1997 was a special summer for the movies. Speed 2: Cruise Control featured Willem Dafoe on a cruise ship, murdering people with exploding golf clubs. Face/Off showed us John Travolta’s love handles being grafted onto Nicolas Cage’s body. And then, we have the most brilliant of them all: Joel Schumacher’s Batman and Robin. It was the act of cinematic bravery we didn’t even know we needed. Leather bat-butts jiggled in closeup. Expensive sets were bathed in liquor store neon. Oh, and the ice puns. Don’t even get me started on the ice puns.

The film’s plot almost feels Shakespearean in its grandeur, and that goes for the Bard’s comedies and tragedies. For this installment, Bruce Wayne/Batman (Dr. Doug Ross) tussles with Mr. Freeze (The Governator) and Poison Ivy (Uma Thurman), with every soul in Gotham hanging in the balance. And I already know what you’re thinking: Freeze wants to blanket the city in crackling ice, while Ivy seeks to transform everything into a teeming sprawl of botanical wildlife. Why on earth would these two villains team up, when their interests completely conflict with each other? I could give you an answer, but it would look a lot like that problem Matt Damon solves at the beginning of Good Will Hunting. Let’s just accept that some things are beyond our mortal brains and move on, shall we?

Trust me, it only gets more compelling from here: Few things break my heart like seeing a handsome billionaire down in the dumps, but that’s exactly where Bruce is in this film. First of all, Bruce feels unlucky in love, even though the character has ping-ponged from Kim Basinger to Michelle Pfeiffer to Nicole Kidman to Elle McPherson. And we tremble with worry that ol’ Brucey is gonna end up alone! That poor, sweet, hunky man!

But wait–there’s more! You see, it turns out that………wait a minute. Where the hell was I going with this? Oh yeah, it turns out that Alfred (Michael Gough) has advanced MacGregor’s syndrome. That’s one of those unfortunate movie diseases that will last as long as the script requires it. As a result, Alfred’s “British” niece Barbara (Cher Horowitz) shows up to care for him. Of course, Barbara is also a butt-kicking badass with ten tons of street cred: “London’s kind of ruff,” she says, free of any discernible accent.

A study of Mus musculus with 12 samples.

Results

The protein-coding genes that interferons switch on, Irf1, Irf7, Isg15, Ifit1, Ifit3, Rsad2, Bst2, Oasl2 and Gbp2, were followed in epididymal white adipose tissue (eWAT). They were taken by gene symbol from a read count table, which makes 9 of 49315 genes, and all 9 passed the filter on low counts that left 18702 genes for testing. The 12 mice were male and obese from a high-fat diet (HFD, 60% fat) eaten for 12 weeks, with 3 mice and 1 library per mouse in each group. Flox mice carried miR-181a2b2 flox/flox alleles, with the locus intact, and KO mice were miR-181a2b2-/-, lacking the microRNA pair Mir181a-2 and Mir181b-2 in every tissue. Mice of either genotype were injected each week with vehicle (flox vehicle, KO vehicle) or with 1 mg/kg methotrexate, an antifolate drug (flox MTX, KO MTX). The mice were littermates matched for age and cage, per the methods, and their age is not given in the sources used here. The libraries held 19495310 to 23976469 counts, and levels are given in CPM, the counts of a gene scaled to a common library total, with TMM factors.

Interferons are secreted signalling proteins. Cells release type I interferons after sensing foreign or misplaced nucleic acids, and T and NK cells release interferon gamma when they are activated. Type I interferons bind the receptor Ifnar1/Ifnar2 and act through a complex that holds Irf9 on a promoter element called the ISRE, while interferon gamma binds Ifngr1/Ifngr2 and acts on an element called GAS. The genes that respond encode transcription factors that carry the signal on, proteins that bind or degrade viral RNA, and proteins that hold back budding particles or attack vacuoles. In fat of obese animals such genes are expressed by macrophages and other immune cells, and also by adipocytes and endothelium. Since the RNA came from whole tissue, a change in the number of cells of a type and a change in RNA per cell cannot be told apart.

This sets up a prime opportunity to give Dick Grayson/Robin (That Kid from Scent of a Woman) a love interest. Of course, Barbara has zero chemistry with Dick, but who needs chemistry when ya got a sweet motorcycle chase and a mumbly cameo by Coolio?? At least I think that’s what happened, I may have stared at the back of my eyelids for a smidge of this movie. And that’s yet another compliment I can pay this movie: After it was over, I felt extremely rested.

That’s enough about me. Let’s talk about Batman and Robin’s ace in the hole: You know what’s better than a script filled with ice puns?? Letting Arnold Schwarzenegger’s thick Austrian accent absolutely slaughter every last one of ’em! (“Aw right ev-rah-bahh-deee, cheeeeeellll!”) A good chunk of the film is dedicated to Arnold devouring the scenery, and even though nobody can understand what the hell he’s saying, you know it’s probably funny!

Sometimes it takes a little while for the sun to shine on a great work of art. Over twenty years have passed, and Batman and Robin is just now getting the great glow of daylight it deserves. It’s truly a complete movie: The special effects, the dialogue, Coolio–everything falls perfectly into place. Yeah, the Avengers movies are great and all, but do they have quarter-sized bat nipples?* I didn’t think so. Go back and give this superhero classic another look. That’s right everybody, it’s time to chill. 125 min. PG-13.

*= I’m starting a bluegrass band called Quarter-Sized Bat Nipples, and nobody can stop me.